At high schools and colleges around the country, late May is graduation season for students. At the movies, however, it’s a season of mass destruction this year. As Godzilla smashes the theatrical box office, our new Blu-ray releases this week are fronted by another overblown disaster epic from earlier in the year. If that doesn’t work for you, perhaps we can find something else to suit your fancy.
‘Pompeii‘ – Paul W.S. Anderson attempts to pull off the next ‘Titanic’, or at least the next ‘Pearl Harbor’, by turning a real historical tragedy into an overwrought disaster spectacle centered around a forced love triangle. American audiences had no interest in this one, but the movie fared better overseas. I have a soft spot for Anderson’s goofy cheesefests and may find myself renting this. If nothing else, I’m sure it’ll make some splendid 3D demo material.
‘The Monuments Men‘ – As a director, George Clooney appears to have peaked with his second feature, the terrific ‘Good Night, and Good Luck’. His following efforts have been decreasingly successful. Here, he tries to resurrect the style of light-hearted WWII adventure capers popular in the 1960s, notably ‘The Great Escape’. Neither critics nor audiences were impressed. With only the trailers to go by, it looks kind of boring. If even the trailers can’t make the movie look interesting, well…
‘3 Days to Kill‘ – About a year ago, I bet Kevin Costner believed that he was on the verge of a major career renaissance, with prominent turns in ‘Man of Steel’ and ‘Jack Ryan: Shadow Recruit’ about to put his name back in the spotlight. Although the former made a lot of money, it was mostly greeted with shrugs, and the latter surprisingly flopped outright. In the midst of those came this disposable star vehicle produced by Luc Besson and directed by McG. It looked awful and nobody cared. I guess Costner will just have to keep searching for the big comeback he wants.
‘About Last Night‘ – At the current rate we’re going, it won’t be long before every single movie released during the 1980s gets a watered-down remake that nobody asked for and nobody wants. The hook to this one is that the story now has a mostly black cast. Wow, how progressive. Kevin Hart fills the Jim Belushi role. Yeah, that seems about right. Kevin Hart is about the same level of talent as Jim Belushi.
‘Vampire Academy‘ – Another adaptation of a Young Adult literary property fails to kick-start a major movie franchise. They can’t all be ‘Twilight’ or ‘The Hunger Games’, though that certainly won’t stop Hollywood from trying.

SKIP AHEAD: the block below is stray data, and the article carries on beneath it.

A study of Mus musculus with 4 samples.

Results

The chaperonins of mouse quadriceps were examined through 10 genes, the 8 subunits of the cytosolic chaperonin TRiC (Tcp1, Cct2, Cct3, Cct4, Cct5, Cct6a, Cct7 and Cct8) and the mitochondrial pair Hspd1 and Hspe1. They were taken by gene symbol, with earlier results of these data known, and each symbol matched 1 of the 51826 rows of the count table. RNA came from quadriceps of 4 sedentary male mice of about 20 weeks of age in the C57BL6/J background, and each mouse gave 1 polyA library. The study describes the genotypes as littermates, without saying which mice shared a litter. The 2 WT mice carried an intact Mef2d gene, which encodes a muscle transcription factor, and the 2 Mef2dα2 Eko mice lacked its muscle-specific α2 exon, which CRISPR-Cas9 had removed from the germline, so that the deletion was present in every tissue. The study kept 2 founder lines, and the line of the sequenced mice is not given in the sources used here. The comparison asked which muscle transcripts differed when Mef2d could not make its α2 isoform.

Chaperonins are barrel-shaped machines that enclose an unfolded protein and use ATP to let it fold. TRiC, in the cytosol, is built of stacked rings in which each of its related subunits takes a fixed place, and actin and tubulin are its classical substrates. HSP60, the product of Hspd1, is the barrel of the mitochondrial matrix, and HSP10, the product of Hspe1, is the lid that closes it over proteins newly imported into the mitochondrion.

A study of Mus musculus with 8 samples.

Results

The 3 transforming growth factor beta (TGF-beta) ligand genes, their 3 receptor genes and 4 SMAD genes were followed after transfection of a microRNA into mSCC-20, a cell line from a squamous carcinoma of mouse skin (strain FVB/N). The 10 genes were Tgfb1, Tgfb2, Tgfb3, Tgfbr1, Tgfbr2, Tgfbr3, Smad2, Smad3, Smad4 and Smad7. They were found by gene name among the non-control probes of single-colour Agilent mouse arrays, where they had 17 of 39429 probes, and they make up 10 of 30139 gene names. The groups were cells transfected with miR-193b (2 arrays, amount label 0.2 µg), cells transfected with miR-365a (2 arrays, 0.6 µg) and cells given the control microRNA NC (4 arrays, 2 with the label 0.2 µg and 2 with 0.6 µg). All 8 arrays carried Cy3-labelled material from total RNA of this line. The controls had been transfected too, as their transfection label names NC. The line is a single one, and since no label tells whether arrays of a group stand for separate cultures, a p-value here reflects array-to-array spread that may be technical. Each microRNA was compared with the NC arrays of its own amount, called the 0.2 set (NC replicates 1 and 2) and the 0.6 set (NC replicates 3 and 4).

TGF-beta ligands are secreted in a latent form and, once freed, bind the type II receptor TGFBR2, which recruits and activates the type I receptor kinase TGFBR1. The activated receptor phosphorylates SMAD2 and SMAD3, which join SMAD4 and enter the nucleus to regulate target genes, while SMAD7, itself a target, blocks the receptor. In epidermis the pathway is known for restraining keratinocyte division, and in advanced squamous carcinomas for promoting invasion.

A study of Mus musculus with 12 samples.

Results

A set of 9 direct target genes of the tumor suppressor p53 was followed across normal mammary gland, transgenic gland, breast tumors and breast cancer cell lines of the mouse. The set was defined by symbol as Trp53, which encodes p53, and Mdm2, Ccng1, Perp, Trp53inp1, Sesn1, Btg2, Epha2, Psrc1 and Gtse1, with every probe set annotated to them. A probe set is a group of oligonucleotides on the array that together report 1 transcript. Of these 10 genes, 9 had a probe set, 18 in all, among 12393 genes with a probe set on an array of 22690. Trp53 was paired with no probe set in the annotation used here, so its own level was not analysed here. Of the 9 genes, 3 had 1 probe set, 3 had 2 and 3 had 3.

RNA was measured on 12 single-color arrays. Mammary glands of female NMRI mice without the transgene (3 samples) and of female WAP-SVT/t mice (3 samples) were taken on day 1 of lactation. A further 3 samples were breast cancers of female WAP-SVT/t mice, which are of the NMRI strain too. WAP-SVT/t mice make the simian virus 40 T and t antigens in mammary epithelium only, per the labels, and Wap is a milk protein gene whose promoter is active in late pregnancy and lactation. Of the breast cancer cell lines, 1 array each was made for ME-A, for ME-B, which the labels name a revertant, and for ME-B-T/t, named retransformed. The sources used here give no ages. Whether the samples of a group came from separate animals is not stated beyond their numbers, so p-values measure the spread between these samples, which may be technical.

Based on early reports, the disc that should be one of the most exciting Blu-rays of the week – Werner Herzog’s creepy and fascinating 1979 horror remake ‘Nosferatu the Vampyre‘ – is marred by a sub-par video transfer that suffers from excessive Digital Noise Reduction. In comparison, a Region B-locked edition released by BFI in the UK is said to look much better. This does not bode well for Shout! Factory’s upcoming (and expensive) ‘Herzog: The Collection‘ box set due on July 29th.
The latest title added to the Criterion Collection is Iranian auteur Abbas Kiarostami’s 2012 drama ‘Like Someone in Love‘. If you enjoyed ‘Close-Up‘ or ‘Certified Copy‘ (both also released by Criterion), this could be worth a look.
Fans of John Wayne should take note the Duke’s classic Western ‘McClintock!‘ has received a second Blu-ray release. Previously issued by Olive Films with a notoriously crummy transfer, the film has been remastered from the original film elements by Paramount for an “Authentic Collector’s Edition.”
Notable among this week’s TV offerings are the final season of ‘Nikita‘, the third season of BBC’s ‘Call the Midwife‘, and a new lower-priced reissue of the anime classic ‘Serial Experiments Lain‘.
Not a lot calls out to me this week. I passed over the previous box set release of ‘Serial Experiments Lain’ due to price. The reissue is a lot more reasonable. Anything other than that can be reserved for rentals. Are you more excited for something this week than I am?